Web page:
Two-time high jump world champion Mutaz Essa Barshim is among a group of Qatari athletes to back Doha's bid for the 2030 Asian Games.
Barshim successfully defended his high jump world title in front of a home crowd at the 2019 World Athletics Championships in Doha.
He is also a two-time Asian Games champion, triumphing at Incheon 2014 and Guangzhou 2010, an Olympic silver medallist at Rio 2016, and an Olympic bronze medallist at London 2012.
The 29-year-old conceded he would be unable to compete at the 2030 Asian Games but hoped they would be awarded to Doha to allow other athletes to experience "some of the best venues and training facilities in the world."
"One of my first ever senior competitions was the Guangzhou 2010 Asian Games and I will never forget what an honour it was to live side-by-side with my Asian brothers and sisters," Barshim said.
"While I think the Asian Games in 2030 may come too late for me personally, I have no doubt Doha 2030 would be an unforgettable event.
"I have had the privilege of competing in Doha on many occasions, notably last year during the World Athletics Championships, and international athletes always tell me what an amazing place it is to compete.
"It has some of the best venues and training facilities in the world and you always know the service and support for athletes will be world-class.
"I really hope that Doha is awarded the 2030 Asian Games so all Asian athletes and the wider Asian sports community can experience this for themselves."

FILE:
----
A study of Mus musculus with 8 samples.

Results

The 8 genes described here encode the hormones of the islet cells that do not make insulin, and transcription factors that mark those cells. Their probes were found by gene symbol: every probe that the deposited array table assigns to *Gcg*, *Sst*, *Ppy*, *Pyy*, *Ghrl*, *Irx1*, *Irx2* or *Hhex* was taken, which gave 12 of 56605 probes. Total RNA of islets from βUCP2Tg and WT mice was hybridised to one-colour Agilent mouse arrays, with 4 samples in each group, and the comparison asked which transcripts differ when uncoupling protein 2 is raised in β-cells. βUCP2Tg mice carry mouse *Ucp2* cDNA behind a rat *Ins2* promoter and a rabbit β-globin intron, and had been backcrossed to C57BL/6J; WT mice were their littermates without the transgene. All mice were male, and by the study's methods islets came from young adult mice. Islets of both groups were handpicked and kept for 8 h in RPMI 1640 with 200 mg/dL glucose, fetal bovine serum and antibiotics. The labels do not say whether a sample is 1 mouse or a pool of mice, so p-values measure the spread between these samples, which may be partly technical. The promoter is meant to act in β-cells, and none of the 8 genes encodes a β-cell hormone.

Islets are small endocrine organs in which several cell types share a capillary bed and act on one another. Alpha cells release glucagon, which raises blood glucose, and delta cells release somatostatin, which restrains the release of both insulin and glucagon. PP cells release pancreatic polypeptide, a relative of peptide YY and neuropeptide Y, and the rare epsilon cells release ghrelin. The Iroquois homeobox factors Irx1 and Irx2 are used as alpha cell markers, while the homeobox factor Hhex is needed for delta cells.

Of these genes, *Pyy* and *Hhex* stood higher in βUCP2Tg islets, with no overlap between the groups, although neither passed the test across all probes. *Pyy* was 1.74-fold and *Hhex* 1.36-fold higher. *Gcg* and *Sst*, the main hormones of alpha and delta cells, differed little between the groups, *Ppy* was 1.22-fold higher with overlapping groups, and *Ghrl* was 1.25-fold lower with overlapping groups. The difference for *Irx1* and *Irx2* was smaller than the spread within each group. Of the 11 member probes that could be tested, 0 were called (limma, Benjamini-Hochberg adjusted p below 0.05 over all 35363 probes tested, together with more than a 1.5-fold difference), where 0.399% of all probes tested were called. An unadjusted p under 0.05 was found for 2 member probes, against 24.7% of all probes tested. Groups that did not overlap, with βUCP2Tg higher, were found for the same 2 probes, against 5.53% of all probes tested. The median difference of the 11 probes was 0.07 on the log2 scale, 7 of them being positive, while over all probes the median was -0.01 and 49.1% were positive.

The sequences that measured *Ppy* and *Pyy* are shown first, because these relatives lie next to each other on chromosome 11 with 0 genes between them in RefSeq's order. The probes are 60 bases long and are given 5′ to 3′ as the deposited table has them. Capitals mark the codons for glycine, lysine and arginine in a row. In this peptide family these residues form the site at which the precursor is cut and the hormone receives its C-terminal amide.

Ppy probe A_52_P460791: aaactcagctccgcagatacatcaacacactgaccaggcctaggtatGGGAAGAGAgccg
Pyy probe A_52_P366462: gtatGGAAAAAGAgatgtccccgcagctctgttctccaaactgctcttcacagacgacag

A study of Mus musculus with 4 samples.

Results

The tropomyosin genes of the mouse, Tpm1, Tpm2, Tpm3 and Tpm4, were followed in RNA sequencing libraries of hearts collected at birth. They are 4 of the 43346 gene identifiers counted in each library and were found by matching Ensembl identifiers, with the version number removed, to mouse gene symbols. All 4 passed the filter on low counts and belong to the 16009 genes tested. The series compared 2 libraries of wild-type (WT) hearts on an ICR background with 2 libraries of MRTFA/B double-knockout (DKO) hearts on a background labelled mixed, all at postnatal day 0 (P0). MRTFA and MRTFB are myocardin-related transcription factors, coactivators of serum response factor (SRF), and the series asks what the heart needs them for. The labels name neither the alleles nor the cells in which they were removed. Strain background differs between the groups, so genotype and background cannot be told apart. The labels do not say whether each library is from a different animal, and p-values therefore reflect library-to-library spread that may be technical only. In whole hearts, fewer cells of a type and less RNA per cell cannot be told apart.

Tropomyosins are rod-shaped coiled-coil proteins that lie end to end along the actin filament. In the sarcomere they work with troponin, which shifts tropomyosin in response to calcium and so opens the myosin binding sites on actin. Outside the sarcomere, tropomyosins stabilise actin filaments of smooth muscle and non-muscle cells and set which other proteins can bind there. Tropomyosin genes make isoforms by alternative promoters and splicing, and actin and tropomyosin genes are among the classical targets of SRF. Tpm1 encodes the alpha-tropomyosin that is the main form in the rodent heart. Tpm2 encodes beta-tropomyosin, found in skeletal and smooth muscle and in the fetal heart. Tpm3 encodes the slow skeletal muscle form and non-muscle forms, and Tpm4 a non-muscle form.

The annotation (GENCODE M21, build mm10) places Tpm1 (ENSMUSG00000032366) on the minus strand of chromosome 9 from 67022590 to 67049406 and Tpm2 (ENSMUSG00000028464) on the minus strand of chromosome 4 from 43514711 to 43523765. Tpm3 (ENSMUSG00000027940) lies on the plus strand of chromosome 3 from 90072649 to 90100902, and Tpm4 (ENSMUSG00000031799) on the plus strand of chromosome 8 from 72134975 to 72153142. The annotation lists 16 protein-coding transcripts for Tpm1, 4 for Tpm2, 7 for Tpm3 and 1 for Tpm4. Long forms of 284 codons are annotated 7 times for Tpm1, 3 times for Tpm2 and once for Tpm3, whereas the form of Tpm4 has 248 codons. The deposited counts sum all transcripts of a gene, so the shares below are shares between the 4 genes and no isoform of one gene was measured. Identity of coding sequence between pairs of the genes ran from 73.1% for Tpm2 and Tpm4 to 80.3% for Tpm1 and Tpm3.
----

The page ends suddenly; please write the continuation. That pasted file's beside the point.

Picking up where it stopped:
Nasser Al-Attiyah was another Qatari athlete to back the bid.
Al-Attiyah, who is also a rally driver, was part of the Qatari team that took skeet gold at the 2002 Asian Games in Busan and 2010 edition in Guangzhou, as well as earning an Olympic bronze medal at London 2012.
He also competed in the last Asian Games hosted by Doha in 2006.
"I had the honour of competing in Doha 2006 and the atmosphere of celebration and unity I experienced during the Games still lives with me," said Al-Attiyah.
"It was not my most successful Asian Games, but it was one that provides some of my fondest memories.
"Since then I have seen how Doha has made significant investment into sport and hosted hundreds of sports events, training camps and more.
"With all this experience and expertise I have no doubt that Doha can host an even better Asian Games in 2030 to the one I experienced in 2006.
"But one thing that will be the same will be that all of Asia is made to feel valued and welcomed."
Doha 2030 claims it will provide the "ultimate athlete experience" during the Games.
The host city for 2030 is set to be elected at the Olympic Council of Asia General Assembly in Muscat in Oman on Wednesday (December 16).
Doha is going head-to-head for the Games against geopolitical rival Saudi Arabia, which has put forward capital Riyadh.
Both the Saudi Arabian and Qatari bids have attracted controversy for the nations' records on human rights.
In a bid to drum up last-minute support, a 12-person delegation, headed by Qatar Olympic Committee secretary general Jassim Rashid AlBuenain, recently travelled to Tehran in Iran.
The delegation met with Iran National Olympic Committee President Reza Salehi Amiri and secretary general Keykavous Saeidi, with Asian Athletics Association President Dahlan Jumaan al-Hamad and Asian Weightlifting Federation President Mohamed Yousef Al-Mana also in attendance.